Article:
Can a student really only be a student?

Elodi Troskie

“Why did you apply for this position?”

“Because I have to EAT.”

A highly relatable quote I heard this week from a friend who is preparing for a job interview. After having a good laugh and contemplating whether I should tweet about it, I started thinking about the daunting not-so-far-in-thefuture process of CV fine-tuning, job applications and figuring out what LinkedIn even is.

We hear it all the time (especially us BA kids). Jobs are scarce. You need to be the best of the best. Adulthood is
ruthless and competitive. I know that. Sadly, my life is not a 7de Laan episode where I can flourish in my career by starting as a waitress at Oppiekoffie and suddenly going to being the owner of Eclectic E.

But let’s get back to reality. Firstly, don’t stress. You are not competing with the entire world. Only with the handful
of applicants for your dream job. (Somehow, not really reassuring.)

Flash forward a few months or, for those still in the prime of their youth, a few years. You update your CV and send it on its way, out in the world. Now what?

Let’s say a hundred people apply for said dream job. Out of those, twenty have spelled the addressed employer’s name wrong. Another fifteen attached a selfie as reference picture (frowned upon, apparently). The remaining fifty-something are all recent graduates.

Why would YOU be appointed if there are countless others who, on paper, are exact replicas of you?

Do you have any experience in the relevant career field? Have you done any part time work while studying? Have you done any unpaid work, merely for the cause of enjoying the work? Have you volunteered your time to anything of value? Contributed? Developed your social skills, your leadership skills, your communication skills?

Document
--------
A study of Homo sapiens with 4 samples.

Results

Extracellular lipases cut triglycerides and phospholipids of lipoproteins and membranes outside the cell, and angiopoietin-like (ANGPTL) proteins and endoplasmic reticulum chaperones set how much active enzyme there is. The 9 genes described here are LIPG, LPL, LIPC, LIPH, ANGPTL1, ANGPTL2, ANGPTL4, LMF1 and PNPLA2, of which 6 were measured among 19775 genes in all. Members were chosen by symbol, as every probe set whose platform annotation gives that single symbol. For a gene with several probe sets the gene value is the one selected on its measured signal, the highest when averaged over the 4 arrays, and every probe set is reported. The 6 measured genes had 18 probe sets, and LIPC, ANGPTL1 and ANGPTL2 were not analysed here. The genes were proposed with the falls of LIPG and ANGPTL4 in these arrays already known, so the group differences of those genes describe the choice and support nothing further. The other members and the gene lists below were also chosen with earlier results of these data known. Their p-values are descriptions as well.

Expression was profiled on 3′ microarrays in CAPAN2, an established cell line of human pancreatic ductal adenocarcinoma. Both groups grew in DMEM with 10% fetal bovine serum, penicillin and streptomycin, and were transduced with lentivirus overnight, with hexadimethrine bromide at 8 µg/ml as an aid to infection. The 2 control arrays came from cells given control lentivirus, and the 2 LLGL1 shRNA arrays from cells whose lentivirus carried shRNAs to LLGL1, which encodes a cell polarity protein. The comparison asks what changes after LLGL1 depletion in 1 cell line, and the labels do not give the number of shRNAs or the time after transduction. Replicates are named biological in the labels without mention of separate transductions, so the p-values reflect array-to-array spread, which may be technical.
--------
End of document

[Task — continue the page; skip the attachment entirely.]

Or did you spend your time at university investing in activities you would not proudly discuss in your cover letter?

Yes, your twenties are fun. You’re not supposed to have everything figured out. You don’t have to spend all your days in the bib.

To the other extreme, studying is important. Excelling academically is wonderful. But what is the point of getting
distinctions for all your subjects but having no experience to show for it?

Will employers value a candidate who graduated with an 80% average more than one chilling in the sixties region, but have a CV so filled with substantial experience they would do themselves a dishonour not appointing them?

Allow me to defend myself. I’m not preaching to everyone to start taking life painfully serious. But respect your privilege of being able to study. Realise that against your most popular belief, you will never have more time than you do now.

What are you going to do with that time?

Is it enough for a student to be nothing more than a student?